Wednesday, December 29, 2004

Wednesday, December 29, 2004
Waning Moon
Saturn Retrograde
Sunny and cold


The show was fine on Monday night, although everyone’s sick and worn out from the crazy schedule. I got home late, because there was a train problem, and it seemed as though I’d barely gone to sleep when the alarm sounded and it was time to haul out of bed and get back on the train.

Yesterday was a long day – a double, eight-hour day call and then a show. It was fine. I’m just tired. But everyone’s tired – and they have a double show day today and another double show day tomorrow. It’ll be a miracle if anyone is left standing by New Year’s Eve.

It also pointed out, in even starker contrast, that I need to speed to transition along and be out of the theatre in less than three years. It’s been my whole life for twenty-four years, so it’s a very painful realization. But, although I am conscientious about my work and take pride in it, I don’t have the passion for it that I once had.

I discussed the situation with a friend of mine, explaining how I no longer have the physical or emotional stamina to do theatre – even swing work is taking a heavier toll than it should. He said something interesting: “Of course you have the stamina. You’ve simply chosen to channel it into the writing.” That’s an interesting perspective.

He also pointed out that it’s better to realize that the passion is gone while the ability is still there than to find out that the passion continues but the ability has waned. Being a pro athlete, that’s something he may have to face in the future.

I tend to be very emotionally vulnerable anyway at this time of the year – from directly after Christmas until about mid-January. I know the events that are the root of it, but I have yet to find a cure. Last year, I thought that going out on the road with a show would keep me busy enough to be a cure, and it had the opposite effect. So, this year I’m staying close to home and playing it all close to the vest. I’m keeping my inner circle twined closely around me and protecting myself as best I can.

Yoga Journal’s December issue had some interesting suggestions. Unfortunately, I didn’t take note of the article’s name or author, so I’m paraphrasing, and I apologize. But the suggestion was to set up “possibilities” instead of “expectations” that are bound to fail, and to “respond” rather than “react” to the world around you. Those phrases resonated within me, and I want to think about them for awhile and see how to apply them.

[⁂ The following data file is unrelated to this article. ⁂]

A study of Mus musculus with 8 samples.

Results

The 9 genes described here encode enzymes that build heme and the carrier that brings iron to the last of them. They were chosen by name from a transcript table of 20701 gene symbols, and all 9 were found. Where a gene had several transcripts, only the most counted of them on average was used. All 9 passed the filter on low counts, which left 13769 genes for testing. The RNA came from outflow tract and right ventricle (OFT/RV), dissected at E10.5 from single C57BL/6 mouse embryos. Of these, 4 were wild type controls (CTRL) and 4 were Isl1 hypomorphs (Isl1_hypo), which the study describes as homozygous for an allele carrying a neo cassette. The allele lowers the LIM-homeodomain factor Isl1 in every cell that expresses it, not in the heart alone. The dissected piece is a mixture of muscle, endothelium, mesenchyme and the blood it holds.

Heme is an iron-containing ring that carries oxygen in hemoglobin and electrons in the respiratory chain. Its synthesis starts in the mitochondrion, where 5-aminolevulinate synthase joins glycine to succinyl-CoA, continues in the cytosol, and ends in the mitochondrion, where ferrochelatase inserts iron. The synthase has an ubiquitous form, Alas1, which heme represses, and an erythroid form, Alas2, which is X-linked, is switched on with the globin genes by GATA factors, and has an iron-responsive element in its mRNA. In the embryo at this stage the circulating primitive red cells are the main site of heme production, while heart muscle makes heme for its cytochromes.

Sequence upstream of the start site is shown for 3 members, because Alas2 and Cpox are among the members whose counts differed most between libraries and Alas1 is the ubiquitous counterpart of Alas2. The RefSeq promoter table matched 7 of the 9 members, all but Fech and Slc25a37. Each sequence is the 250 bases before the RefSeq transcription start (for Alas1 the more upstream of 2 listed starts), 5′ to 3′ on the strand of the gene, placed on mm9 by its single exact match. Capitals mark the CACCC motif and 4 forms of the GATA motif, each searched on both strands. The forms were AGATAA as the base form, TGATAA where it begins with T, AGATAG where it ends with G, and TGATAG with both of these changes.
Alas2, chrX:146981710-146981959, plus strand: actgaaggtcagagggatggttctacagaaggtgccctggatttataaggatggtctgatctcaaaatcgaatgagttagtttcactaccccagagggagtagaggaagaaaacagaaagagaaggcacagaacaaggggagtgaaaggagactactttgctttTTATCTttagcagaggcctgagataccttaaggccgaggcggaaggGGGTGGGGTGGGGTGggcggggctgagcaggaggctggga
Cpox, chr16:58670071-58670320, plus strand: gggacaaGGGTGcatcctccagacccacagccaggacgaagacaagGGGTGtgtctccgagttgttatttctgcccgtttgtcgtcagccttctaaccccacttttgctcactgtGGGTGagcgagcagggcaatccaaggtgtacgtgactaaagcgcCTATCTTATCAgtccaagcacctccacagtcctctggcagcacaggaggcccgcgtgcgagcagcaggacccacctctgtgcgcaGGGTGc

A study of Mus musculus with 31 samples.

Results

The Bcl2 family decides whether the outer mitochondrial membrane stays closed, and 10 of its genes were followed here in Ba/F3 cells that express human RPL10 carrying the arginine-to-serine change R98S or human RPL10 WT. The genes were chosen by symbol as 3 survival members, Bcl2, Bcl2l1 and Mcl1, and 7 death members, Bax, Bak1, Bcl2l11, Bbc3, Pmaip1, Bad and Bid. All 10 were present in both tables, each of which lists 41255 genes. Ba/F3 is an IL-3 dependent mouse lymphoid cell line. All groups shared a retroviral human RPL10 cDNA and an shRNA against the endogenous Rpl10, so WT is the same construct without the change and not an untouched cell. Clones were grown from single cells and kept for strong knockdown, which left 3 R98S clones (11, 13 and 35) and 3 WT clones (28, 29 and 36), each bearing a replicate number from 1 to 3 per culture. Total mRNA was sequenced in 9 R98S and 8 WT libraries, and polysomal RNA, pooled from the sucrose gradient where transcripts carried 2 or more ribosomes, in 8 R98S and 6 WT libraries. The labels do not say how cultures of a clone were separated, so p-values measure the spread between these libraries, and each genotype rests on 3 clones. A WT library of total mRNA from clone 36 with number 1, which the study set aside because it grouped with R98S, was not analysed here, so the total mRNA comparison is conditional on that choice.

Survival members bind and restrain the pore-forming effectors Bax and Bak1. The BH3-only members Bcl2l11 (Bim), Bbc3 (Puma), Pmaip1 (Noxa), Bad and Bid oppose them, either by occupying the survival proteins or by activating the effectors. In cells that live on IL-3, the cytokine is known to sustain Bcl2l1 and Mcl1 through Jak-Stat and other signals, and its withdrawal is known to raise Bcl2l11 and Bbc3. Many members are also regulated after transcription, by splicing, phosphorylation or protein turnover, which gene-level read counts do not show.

The Goals, Dreams, and Resolutions are turning out to be scarier and more demanding than I expected. I wonder if it’s because I’m making it public instead of keeping it private? That may be part of it, but articulating a plan that can work is more frightening than coming up with a list of Resolutions that can’t possibly be met.

I have more musings, but there’s work to be done first. I’m going to do another rewrite of the article for and send it off; there are serials to be written, the Lindisfarne article to be worked on, outlines to spin out.

The emotional malaise is threatening to turn physical (like a cold), so I’m taking my vitamins and herbal concoctions. I’ll be spending most of the next few days with a friend and don’t want to be sick.

I’d have a crisis of confidence about my writing work, but I simply don’t have the time. Doing the actual work is far more important than moaning about insecurities, most of which have no basis in fact. I can’t waste time in self-indulgence right now.

One of the more entertaining pastimes in the past couple of days, as I walked to and from the theatre, was to browse in bookstores and imagine how I’ll use my gift card. Will it be Will in the World or Ellis’s new biography of George Washington or a novel that catches my eye? The choices are delicious.

The burn is healing much better and faster than it would if I’d gone to the ER. New skin is forming, it’s remained sterile, and I think there will only be minimal scarring. It’s stopped the constant, gnawing pain and now itches, which is a good sign.

My next kitchen will be big enough so that I can actually stand in front of the stove when I’m pulling dishes out or pushing them in to the oven, not wrapped around the side of it the way I have to do it now.